North Carolina State’s Institute for Advanced Analytics offers a new, data-focused set of skills for business.

When Michael Rappa first suggested that North Carolina State University develop a business-oriented master’s degree program in analytics back in 1999, based on the rise of data and what he was seeing from companies like eBay and Amazon, he encountered one key obstacle: it was too early.

It was still early when he proposed it again in 2005, but this time North Carolina State asked for a full proposal, which led to a degree program that accepted its first students in 2007.

Now Rappa’s Institute for Advanced Analytics, the first business analytics program in the country, has 80 students. Nearly 60 other programs now offering advanced degrees in analytics, too. Rappa spoke with MIT Sloan Management Review’s Michael Fitzgerald about his program.

What changed between 1999 and the formal organizing of the program in 2006?

By 2005, the university was searching for forward-looking ideas, especially ones that had a strong practical orientation that would engage industry partners. Tom Davenport’s [January 2006] Harvard Business Review article [with Jeanne Harris], which led to his book Competing on Analytics, had just come out, so the term all of a sudden hit people’s radar pretty contemporaneously with the proposal.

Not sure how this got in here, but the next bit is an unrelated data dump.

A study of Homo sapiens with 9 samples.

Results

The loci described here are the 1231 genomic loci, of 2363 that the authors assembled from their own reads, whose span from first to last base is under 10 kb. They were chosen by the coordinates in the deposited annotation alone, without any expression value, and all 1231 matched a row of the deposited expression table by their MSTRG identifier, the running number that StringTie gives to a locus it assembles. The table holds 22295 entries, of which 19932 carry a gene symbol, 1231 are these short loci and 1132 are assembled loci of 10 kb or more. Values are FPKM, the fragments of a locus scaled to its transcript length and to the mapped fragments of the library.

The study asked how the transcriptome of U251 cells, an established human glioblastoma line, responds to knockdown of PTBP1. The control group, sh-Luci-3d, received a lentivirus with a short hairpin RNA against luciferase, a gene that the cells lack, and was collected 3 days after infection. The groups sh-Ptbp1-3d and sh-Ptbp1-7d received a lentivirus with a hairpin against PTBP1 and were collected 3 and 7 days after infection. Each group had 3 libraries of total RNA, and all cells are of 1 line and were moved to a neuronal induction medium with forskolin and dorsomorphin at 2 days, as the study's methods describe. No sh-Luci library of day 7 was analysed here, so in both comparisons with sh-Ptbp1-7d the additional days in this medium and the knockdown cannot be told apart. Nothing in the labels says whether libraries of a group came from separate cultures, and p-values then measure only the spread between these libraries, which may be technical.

Even so, it was a very audacious proposal. It was so outlandishly “far out there” that I think that’s why I got a chance to do it — people didn’t think it would really work. You’re proposing an entirely new degree, developing an entirely new curriculum, all new courses, and doing it within a year. If you put that in a university context, it sounds ludicrous.

Did one of the questions at the time involve asking why is this different from, say, a Master’s in statistics?

Sure. Or informatics, even other things. That’s a natural question. My argument was that we needed a university-wide initiative that wasn’t siloed in the business school, or the computer science department, or in statistics, or mathematics, but instead could draw faculty from any of those fields or specialties, so we could construct a new degree.

In my mind, it was really straightforward. I was thinking of an analogue to the MBA.